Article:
Self-promotion, your business and you
Building a brand in 2016 is as much about building the brand of “you” as it is about communicating about your services and products. But the line between blatant self-promotion and getting people to care about what you do is often hard to define. We must ask ourselves when we jump onto social media or other platforms if we are just competing with others to have a voice that day or are we genuinely sharing something of importance?
As a business coach I talk about personal brand and the need for a connection with my clients every day. This can start at the overall marketing strategy and go right down to the tactics to use on Instagram. However, I think there are certain aspects of personal branding and promotion that we don’t talk about enough, even though they are oh so important for our businesses and our own well being.
1. Promotion is not the work
Intensively marketing our brand and ourselves all the time cannot become our jobs. Actual work must get done so we can transform the people we wish to serve and actually have an impact in this world. The temptation to spend hours on social media “engaging” our followers and scrabbling for more distracts us from the important projects that earn us money and grow our businesses. You need to find time with your muse and wrestle with your fear of making something in order to focus and create. Once you have started to create that thing, then you can pick the right tool to share it – one that suits you and your audience. Promotion out of a fear that you don’t matter or you are clamouring for a response is not good marketing.
2. More followers does not make your work greater than it is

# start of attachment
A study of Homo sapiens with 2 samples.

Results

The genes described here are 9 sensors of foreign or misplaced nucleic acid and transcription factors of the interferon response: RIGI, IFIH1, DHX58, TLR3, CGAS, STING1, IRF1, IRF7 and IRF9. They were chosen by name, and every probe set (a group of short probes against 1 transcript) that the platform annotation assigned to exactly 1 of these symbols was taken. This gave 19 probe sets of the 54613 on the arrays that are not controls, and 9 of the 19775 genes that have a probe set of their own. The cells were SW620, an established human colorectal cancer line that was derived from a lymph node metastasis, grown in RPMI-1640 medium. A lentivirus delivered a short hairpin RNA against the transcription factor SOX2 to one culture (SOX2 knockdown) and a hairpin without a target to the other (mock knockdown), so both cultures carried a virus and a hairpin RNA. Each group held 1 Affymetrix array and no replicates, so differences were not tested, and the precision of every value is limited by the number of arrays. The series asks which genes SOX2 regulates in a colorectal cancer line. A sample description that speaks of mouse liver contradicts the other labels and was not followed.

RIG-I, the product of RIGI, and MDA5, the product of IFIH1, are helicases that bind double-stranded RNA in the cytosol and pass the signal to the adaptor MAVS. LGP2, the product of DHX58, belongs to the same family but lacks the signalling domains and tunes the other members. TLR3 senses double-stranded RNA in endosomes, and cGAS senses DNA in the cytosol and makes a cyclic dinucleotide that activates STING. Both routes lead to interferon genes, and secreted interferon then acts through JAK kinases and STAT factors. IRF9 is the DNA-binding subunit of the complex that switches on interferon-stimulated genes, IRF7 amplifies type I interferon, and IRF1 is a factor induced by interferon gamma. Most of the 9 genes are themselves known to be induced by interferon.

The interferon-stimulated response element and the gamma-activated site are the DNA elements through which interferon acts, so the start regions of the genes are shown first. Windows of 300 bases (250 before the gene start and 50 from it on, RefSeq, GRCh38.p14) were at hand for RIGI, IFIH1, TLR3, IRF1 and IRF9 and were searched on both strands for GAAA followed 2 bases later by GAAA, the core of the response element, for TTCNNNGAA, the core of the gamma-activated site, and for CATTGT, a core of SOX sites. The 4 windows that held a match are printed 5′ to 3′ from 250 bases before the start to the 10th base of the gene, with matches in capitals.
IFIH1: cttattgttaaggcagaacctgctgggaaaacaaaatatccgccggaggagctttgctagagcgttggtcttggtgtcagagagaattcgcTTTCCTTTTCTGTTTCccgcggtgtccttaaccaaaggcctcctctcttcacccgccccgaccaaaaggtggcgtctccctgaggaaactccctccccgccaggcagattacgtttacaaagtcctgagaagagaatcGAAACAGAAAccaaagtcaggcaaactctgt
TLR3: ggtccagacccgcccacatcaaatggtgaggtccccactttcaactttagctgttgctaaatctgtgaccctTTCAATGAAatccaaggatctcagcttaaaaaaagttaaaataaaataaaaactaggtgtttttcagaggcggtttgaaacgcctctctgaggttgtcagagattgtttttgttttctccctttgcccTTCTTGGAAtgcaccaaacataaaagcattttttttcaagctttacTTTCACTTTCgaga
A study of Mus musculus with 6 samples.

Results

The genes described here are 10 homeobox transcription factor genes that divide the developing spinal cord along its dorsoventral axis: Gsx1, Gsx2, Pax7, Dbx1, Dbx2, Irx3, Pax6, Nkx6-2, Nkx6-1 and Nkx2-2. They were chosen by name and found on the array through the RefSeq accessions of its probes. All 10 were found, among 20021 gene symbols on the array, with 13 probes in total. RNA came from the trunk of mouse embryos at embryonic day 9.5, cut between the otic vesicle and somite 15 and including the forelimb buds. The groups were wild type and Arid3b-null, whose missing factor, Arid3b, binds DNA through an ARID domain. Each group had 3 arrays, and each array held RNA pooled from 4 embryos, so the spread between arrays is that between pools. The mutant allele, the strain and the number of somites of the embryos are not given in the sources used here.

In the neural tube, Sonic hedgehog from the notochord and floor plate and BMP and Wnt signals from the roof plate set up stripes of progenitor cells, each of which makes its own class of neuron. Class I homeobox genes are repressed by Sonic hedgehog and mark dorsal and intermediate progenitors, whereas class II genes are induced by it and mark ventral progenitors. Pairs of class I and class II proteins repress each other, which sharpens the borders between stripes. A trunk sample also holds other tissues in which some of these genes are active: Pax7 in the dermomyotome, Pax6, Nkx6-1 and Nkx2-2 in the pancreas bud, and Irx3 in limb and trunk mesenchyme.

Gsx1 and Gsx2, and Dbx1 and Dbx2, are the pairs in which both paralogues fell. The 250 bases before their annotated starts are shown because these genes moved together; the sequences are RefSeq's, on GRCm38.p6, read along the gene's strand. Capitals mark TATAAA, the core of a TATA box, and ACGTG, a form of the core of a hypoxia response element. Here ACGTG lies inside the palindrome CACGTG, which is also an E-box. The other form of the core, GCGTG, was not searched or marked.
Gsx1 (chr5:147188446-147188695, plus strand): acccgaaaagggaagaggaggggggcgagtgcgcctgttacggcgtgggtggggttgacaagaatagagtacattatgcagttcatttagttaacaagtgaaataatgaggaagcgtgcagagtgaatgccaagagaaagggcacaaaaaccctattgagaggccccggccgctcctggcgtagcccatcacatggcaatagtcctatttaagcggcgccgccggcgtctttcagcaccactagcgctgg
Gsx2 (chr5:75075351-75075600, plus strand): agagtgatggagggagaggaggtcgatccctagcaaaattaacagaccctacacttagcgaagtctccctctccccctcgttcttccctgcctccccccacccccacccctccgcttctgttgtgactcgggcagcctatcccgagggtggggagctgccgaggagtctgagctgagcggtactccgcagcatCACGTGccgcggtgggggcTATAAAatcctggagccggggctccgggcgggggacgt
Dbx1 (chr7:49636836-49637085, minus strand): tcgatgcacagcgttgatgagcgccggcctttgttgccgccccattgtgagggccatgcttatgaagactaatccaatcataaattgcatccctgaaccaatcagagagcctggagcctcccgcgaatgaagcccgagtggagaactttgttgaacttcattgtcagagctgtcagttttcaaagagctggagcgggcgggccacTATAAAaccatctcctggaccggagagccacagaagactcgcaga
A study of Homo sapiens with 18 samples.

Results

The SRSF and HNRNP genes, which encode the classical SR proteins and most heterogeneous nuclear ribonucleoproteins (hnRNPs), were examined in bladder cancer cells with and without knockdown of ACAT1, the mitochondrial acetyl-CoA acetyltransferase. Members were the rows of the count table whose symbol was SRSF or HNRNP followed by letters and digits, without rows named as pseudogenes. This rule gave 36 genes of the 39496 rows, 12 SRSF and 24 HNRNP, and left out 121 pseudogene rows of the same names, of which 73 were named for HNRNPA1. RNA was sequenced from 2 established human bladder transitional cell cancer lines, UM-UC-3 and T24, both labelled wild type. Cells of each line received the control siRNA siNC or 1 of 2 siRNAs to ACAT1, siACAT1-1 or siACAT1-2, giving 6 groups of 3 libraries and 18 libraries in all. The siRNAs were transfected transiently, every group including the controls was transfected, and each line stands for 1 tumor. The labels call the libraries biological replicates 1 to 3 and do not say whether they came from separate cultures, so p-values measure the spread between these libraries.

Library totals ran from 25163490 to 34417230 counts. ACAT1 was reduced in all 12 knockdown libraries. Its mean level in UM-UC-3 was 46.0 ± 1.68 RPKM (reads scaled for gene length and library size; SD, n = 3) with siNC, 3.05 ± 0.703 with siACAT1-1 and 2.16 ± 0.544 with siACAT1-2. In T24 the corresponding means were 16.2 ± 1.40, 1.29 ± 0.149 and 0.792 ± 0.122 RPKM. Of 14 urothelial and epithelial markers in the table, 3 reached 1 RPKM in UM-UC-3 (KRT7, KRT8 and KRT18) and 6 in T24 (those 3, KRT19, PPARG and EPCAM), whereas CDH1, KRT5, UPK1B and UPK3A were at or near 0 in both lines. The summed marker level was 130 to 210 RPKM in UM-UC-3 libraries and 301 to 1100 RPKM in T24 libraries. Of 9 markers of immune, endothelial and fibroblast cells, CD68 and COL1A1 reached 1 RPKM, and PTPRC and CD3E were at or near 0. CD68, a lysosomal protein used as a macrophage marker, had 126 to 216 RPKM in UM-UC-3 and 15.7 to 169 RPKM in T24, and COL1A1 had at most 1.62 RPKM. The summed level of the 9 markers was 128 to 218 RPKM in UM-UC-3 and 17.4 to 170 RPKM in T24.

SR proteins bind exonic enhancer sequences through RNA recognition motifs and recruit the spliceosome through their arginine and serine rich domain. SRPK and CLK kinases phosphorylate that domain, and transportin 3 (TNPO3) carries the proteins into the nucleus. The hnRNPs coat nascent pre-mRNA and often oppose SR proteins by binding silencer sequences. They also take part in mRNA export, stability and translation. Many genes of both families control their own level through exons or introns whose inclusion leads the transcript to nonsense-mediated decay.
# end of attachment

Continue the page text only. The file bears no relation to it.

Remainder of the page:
As people spend more time on social networks, follower counts and the number of likes you get are becoming de facto signals of success. But guess what: as a business coach I get to spend a lot of time behind the curtain of other people’s businesses and there are many who are successful with low follower counts while others who have huge follower numbers are unable to convert it into anything.
Can you separate yourself and your work from the daily deluge of vanity metrics that give us positive reinforcement and dopamine rushes, but in actual fact don’t necessarily reflect the quality, importance or need for the work you create?
We cannot rely on the fickle opinions of people in their social media personas to be the source of validation for our work. Sure, good feedback always makes our work better but we also must trust in our abilities and balance them with sources of external validation.
3. Self-promotion and its feedback loops are having a negative impact on our work and wellbeing
Today I was reading yet another article about the impacts of social media on teenagers’ perceptions of their self-worth. It is never good reading but it made me think about how much business owners and entrepreneurs can fall into this trap as well.
In particular one teenager spoke about the highs of posting an image of herself that had lots of likes, to the lows of putting up an image that did not “perform” well and the desire to delete it and start again. Equally, the pursuit of these metrics on our own business pages can be toxic to our work and well-being. Not getting enough likes, hearts and shares can make you doubt your message and the work you are doing. But what is “enough”? That is the whole game, right!
Maria Popova, the woman behind Brain Pickings has said:
“The real work is how not to hang your self-worth, your sense of success and merits, the fullness of your heart, and the stability of your soul on those numbers—on that constant positive reinforcement and external validation. That’s the only real work, and the irony is that the more “successful” you get, by either your own standards or external standards, the harder it is to decouple all of those inner values from your work. I think we often confuse the doing for the being.”
Being vigilant each day to the power of these metrics and the validation they provide is a regular struggle for most of us. That — coupled with our general obsession for technology — and the next big thing definitely means we need a disciplined practice around it.
I am not advocating you stop promoting your business or yourself, but focus on what it is you are creating and what it is you want to share. And when you do share it, don’t let the metrics alone dictate its success.